VO: Rebecca Brayton WRITTEN BY: Michael Wynands

Super-villain Mr. Glass seriously knows his stuff. Elijah Price serves as David Dunn’s archenemy in M. Night Shyamalan’s Eastrail 177 Trilogy, making his debut in “Unbreakable” (2000), receiving a brief nod in “Split” (2016), and masterminding events in “Glass” (2019). Join us as we look into the origin story of this superhumanly intelligent comic book movie villain. What questions do YOU still have about Mr. Glass? Let us know in the comments!


Supervillain Origins of Mr Glass


This is one evildoer who seriously knows his stuff. Welcome to WatchMojo and today we will explore the Supervillain Origins of Mr. Glass

Before we continue, please know that this video will contain.

Like many great villains, Elijah Price comes from relatively humble beginnings but stood out from a very young age. Our story begins in Philadelphia. The year is 1961, and one Mrs. Price has just given birth to a baby boy in the back of a Philadelphia Department store. Unfortunately, the second that a physician arrives on the scene to inspect the child, it becomes clear that all is not well with the newborn. Mrs. Price learns that her son has a rare condition known as Type I osteogenesis imperfecta. Also known as brittle bone disease, this condition, of which Elijah has a particularly severe case, means that the boy will never experience anything vaguely resembling a normal American childhood.

Because of his Type I osteogenesis imperfecta, the world was an extremely dangerous place for Elijah and even everyday activities posed a serious threat to his safety and wellbeing. Children can, unfortunately, be very cruel, and so his upbringing in Philadelphia was largely colored by mockery and bullying courtesy of the neighborhood kids. It was they who gave him the nickname Mr. Glass. A reference to his fragile nature, it was meant as an insult, but Elijah would eventually own the term, taking it as his villainous monicker - though not for many years. Between frequent trips to the hospital and the limited activities he could perform without risk of serious harm, Elijah soon became isolated, retreating into his own world - eventually refusing to leave the house.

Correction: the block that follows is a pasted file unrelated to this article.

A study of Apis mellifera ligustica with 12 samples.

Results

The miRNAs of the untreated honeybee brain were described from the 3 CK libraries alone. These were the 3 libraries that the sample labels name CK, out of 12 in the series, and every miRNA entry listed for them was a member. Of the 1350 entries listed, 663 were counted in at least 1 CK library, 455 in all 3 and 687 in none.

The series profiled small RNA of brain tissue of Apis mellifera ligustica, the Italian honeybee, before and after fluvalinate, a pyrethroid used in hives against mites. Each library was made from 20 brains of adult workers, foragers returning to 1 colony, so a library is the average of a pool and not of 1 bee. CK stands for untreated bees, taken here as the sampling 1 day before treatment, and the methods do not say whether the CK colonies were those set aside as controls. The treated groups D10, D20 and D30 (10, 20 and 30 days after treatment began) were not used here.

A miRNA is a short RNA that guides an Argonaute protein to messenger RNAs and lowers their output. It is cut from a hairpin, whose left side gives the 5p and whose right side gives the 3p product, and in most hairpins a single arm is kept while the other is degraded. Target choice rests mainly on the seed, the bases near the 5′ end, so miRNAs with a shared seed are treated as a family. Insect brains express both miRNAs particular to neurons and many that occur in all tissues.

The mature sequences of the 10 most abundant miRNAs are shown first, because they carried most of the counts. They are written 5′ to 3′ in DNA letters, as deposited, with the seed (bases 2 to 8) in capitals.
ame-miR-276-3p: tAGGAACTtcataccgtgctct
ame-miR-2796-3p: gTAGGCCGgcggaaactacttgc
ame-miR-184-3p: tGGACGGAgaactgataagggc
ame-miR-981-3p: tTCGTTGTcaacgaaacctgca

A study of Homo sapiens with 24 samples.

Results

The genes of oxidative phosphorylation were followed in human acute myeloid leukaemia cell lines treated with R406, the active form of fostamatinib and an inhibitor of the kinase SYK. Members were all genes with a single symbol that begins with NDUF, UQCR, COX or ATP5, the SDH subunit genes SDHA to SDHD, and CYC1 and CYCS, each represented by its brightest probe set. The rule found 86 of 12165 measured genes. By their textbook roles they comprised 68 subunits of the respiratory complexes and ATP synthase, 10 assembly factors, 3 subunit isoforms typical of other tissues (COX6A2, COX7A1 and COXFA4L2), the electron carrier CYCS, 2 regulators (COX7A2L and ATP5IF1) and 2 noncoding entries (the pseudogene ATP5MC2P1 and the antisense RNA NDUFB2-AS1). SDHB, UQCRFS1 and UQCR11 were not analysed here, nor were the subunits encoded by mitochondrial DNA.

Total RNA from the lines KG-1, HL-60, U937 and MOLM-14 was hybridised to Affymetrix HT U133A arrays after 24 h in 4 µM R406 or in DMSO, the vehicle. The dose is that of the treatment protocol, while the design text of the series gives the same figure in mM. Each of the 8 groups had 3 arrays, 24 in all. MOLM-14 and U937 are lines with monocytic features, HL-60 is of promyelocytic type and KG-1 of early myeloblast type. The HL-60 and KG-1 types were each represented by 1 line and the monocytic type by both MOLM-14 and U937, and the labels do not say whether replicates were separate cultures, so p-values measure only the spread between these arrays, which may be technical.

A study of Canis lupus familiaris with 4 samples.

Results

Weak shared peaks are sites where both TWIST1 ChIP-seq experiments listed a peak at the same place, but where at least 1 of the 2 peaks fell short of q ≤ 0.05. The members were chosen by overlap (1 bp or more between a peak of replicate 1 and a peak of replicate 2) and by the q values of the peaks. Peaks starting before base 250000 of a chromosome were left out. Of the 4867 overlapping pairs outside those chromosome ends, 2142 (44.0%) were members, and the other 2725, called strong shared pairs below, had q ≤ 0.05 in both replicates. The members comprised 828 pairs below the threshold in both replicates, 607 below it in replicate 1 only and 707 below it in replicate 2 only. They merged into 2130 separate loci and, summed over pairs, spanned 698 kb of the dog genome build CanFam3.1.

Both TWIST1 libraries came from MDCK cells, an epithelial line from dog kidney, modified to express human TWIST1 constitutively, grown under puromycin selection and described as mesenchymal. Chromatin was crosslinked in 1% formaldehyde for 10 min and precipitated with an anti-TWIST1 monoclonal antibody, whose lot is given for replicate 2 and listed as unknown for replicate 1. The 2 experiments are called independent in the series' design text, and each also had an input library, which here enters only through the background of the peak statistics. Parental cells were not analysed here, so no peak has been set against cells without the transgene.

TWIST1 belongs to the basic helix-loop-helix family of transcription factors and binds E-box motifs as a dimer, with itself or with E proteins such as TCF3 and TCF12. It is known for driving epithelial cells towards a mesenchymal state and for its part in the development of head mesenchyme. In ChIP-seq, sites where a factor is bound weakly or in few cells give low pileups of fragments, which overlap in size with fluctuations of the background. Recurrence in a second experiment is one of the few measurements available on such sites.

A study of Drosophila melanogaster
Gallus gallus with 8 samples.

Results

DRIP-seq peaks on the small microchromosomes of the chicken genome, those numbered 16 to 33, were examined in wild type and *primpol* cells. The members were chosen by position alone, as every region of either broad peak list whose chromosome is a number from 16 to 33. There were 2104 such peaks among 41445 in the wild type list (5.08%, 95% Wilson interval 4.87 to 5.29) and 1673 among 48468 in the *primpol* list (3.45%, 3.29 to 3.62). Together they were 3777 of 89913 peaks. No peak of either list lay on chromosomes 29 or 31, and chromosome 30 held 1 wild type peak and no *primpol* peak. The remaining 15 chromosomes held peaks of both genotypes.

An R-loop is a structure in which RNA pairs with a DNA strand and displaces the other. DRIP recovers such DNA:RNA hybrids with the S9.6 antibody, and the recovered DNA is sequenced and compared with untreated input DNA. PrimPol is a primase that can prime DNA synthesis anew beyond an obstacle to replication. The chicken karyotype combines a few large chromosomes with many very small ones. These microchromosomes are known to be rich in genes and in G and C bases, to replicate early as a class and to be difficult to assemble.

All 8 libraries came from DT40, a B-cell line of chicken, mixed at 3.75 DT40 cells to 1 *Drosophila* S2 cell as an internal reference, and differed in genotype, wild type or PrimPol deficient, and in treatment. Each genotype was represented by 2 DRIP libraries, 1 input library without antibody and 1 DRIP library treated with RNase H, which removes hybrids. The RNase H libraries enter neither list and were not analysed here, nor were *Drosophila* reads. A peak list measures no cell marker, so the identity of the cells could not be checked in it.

Though Mrs. Price was committed to keeping her son safe, she was also naturally concerned by the degree to which he had turned inwards. In an attempt to try to encourage Elijah to overcome his fears, she bought him a gift. The condition to him receiving it? He had to go outside and get it from the bench where she left it. Inside this purple box - the color that would become the future’s villain’s trademark - Elijah found a comic book, a medium which he quickly became obsessed with. Though Mrs. Price likely intended for the heroes to serve as a source of inspiration for her son, it was ultimately the villains Elijah wound up relating to.
Comic books gave Elijah something to live for, but rather than encourage him to socialize as his mother might have hoped, they simply provided him an escape. As an adult, he turned that passion into living with Limited Edition, a museum dedicated to comic book art. But Elijah wasn’t content to simply read about heroes and villains, and so he endeavored to find someone with real superpowers. And by examining human history, he became convinced that they did in fact exist. If he was so much frailer than the average human, then surely, he believed, there must be someone to balance the scales - a human as unbelievably strong as he was weak. If this mystery someone was destined to be a hero, then the comics Elijah so adored could become a reality.

Using Limited Edition as his base of operations and secret lair of sorts, Elijah began his quest in earnest. In order to locate the hero that he so fervently believed must exist, he would follow the aftermath of accidents - even manufacturing them himself - in order to track survivors who might possess the qualities he was looking for. After orchestrating a train crash that claimed the lives of 131 innocent people, Elijah Price finally found his other half in security guard David Dunn.

Of course, given that the world crafted by M. Night Shyamalan is a thoroughly grounded one, Dunn is initially hesitant to accept or acknowledge that he is special like Elijah suggests. Like any good villain, however, Mr. Glass refuses to give up. And so, by befriending and encouraging Dunn, while simultaneously continuing to pull strings behind closed doors, he gets Dunn to embrace not only his superhuman abilities but his responsibilities as a hero. His life’s dream achieved, Elijah finally comes into his own as Mr. Glass - a supervillain with his very own hero and nemesis, just like in the comics.

Ultimately, Mr. Glass isn’t defeated in an epic showdown. Instead, after learning the truth, David informs the authorities of Elijah’s crimes, which gets him incarcerated in an institution for the criminally insane. But like all good villains, Mr. Glass refuses to stay down. After many years of incarceration, upon learning of another individual with incredible abilities, the Beast, he sees an opportunity for not just a comeback, but a plot so elaborate that only a villainous mastermind could pull off.
And there you have it, the origin of the enigmatic Mr. Glass! A father to villains, a mentor to heroes, and a champion of the extraordinary, he is a villain who, even in defeat, usually gets his way and never fails to impress.